Learning and Unlearning With the NEA Big Read: Indigenous Stories

By Rebecca Amato, Director of Teaching and Learning

Read Time 5 minutes
November 19, 2022

I am thrilled to be able to tell you a bit about this year’s NEA Big Read: Indigenous Stories, which is only one expression of Illinois Humanities’ commitment to programs and actions that support Indigenous rights and cultural equity. We invite you to join us as we explore diverse Native voices and experiences in North America through reading groups, public conversations, and hands-on workshops.

All of these points of engagement are meant to remind us that our rural and urban landscapes preserve essential stories, and that – every single day — Native people are living, creating, and advocating for a more equitable future.


As someone who is not Native and grew up in Chicago’s suburbs in the 1980s, my education around what it meant to be Indigenous was very limited. You may have had a similar experience. I knew – or thought I did – that American Indians once lived where I did, that they traveled along the Des Plaines River, and that the name of our state had something to do with a Native word. Sometimes our history books would mention American Indians, but never in ways that felt three-dimensional and real. Not until I was an adult did I begin to realize my terrible ignorance. It goes to show that when people are marginalized in our schoolbooks and in our everyday experience, our ideas and thoughts are also constrained.

The NEA Big Read: Indigenous Stories is an opportunity for all of us to acknowledge what we don’t know, unlearn what we think we know, and initiate a process of learning anew. By reading and sharing together, we tap into the ineffable power that exists in story-telling and story-listening. Through these practices we begin to understand each other and soften the boundaries that may separate us.

Indigenous Stories centers the perspectives of Native people – from Tommy Orange’s There There to Natalie Diaz’s Postcolonial Love Poem and Enriqueta Lunez’s New Moon/Luna Nueva/Yuninal Jme’tik, from artist Monica Rickert-Bolter’s consultation on the Field Museum’s Native Truths exhibition to Bernadine Vigue’s experience of displacement and relocation. They challenge us to read closely, ask questions, and think hard about what it means to go about our days on occupied land.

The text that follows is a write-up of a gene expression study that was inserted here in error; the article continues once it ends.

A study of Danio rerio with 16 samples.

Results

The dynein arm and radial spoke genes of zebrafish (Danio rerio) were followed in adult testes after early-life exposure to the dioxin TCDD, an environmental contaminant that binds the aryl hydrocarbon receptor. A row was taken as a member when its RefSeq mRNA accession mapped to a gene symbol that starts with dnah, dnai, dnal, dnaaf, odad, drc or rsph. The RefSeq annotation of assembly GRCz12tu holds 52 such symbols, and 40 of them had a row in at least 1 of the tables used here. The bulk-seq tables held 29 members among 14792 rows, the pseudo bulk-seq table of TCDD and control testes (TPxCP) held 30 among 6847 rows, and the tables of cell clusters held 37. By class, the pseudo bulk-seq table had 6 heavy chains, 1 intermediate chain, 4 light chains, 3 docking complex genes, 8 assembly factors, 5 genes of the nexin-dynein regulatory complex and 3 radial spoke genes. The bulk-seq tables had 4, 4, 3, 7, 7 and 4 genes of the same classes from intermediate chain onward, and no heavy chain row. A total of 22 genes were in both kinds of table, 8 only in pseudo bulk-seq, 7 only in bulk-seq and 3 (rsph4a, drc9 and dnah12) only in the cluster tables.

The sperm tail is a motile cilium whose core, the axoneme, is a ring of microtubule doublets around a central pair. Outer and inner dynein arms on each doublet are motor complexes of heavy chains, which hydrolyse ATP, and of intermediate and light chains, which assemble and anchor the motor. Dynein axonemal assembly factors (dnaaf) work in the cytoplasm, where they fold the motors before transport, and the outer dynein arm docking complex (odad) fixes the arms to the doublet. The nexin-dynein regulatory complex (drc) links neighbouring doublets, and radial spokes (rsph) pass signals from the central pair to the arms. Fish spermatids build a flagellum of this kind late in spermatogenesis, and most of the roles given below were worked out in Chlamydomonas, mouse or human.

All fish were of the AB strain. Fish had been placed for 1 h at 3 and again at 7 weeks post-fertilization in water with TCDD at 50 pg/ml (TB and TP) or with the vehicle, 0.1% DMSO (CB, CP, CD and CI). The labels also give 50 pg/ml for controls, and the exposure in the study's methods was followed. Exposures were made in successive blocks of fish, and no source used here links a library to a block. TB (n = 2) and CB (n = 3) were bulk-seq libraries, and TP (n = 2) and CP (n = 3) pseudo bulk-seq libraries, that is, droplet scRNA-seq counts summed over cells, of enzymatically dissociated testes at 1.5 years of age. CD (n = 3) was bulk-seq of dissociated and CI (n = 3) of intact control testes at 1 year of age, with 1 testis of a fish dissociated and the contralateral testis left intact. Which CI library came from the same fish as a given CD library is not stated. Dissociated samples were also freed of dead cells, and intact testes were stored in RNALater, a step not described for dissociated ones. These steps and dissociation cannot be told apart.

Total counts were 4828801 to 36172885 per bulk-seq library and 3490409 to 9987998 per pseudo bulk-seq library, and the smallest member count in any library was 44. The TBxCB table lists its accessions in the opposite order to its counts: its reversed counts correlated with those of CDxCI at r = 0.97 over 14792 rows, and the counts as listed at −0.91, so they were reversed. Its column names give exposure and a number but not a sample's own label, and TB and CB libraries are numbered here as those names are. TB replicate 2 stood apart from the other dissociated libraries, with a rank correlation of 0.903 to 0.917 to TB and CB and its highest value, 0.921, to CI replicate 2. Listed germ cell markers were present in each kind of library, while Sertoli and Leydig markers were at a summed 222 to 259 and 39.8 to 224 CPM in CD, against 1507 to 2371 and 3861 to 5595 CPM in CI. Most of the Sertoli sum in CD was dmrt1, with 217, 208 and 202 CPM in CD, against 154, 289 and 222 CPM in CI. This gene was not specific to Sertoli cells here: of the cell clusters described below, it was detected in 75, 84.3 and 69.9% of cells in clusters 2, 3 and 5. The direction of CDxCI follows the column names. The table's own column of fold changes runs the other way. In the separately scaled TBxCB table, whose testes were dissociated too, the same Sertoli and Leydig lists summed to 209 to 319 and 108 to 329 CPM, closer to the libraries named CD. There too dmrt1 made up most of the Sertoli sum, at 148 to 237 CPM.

Some of us may be uncomfortable with what we read and hear. Maybe we are even uncomfortable with the words “occupied land.” I’d encourage you to lean into that discomfort and interrogate it. Where does it come from? How can you accept discomfort as a teacher rather than as an antagonist?

On November 19, Indigenous Stories will launch with a visit to the Field Museum’s exhibition Native Truths: Our Voices, Our Stories, followed by a public conversation in the museum’s Founders Room with three of the Native consultants who helped to develop the exhibition. This project marks an extraordinary effort by Native advocates and museum staff to re-examine how long-established institutions like the Field can better practice self-reflection, truth-telling, and revision in a changing world. As we honor Native American Heritage Month, the opportunity to be in community with Native leaders in this unique space is a perfect way to begin our learning together.


In late spring, we will meet at Horner Park on the Northwest Side of Chicago, where we will witness the reclamation of Native ancestral placemaking practices through the completion of a coiled earthwork mound by SANTIAGO X. You may even have the chance to install a Native plant on the mound. Stay tuned for more information about these events and a writing workshop in the coming months.

The NEA Big Read: Indigenous Stories would not happen without a small, but expert cadre of book group facilitators who lead our Long Overdue Book Groups. These facilitators are all alumni of Illinois Humanities’ The Odyssey Project/Proyecto Odisea and they are dedicated to tending to the long overdue conversations we all need to have.

While we encourage you to host your own book groups and offer a toolkit to help you do that, I cannot say enough about the care, joy, and skill our Long Overdue Book Group facilitators bring to our reading communities. Some of our groups meet via Zoom, so even if you are not in Chicagoland, you can still join them. (And, by the way, they meet year-round, not just during the Big Read!) Learn more here.


With enormous gratitude, I also want to acknowledge the central role our partners in this program continue to play in consulting us and giving shape to this year’s Big Read. They include Debra Yepa-Pappan (Center for Native Futures and Field Museum), Kim Vigue (Mitchell Museum of the American Indian), Kara Johnson (Newberry Library), and Chantal Healy (Chicago Public Art Group). I hope that the Big Read introduces you to the amazing work all of these people do in their own lives and institutions.

Join the NEA Big Read: Indigenous Stories by signing up for a book group, starting your own, and registering for a free public event at ILHumanities.org/BigRead.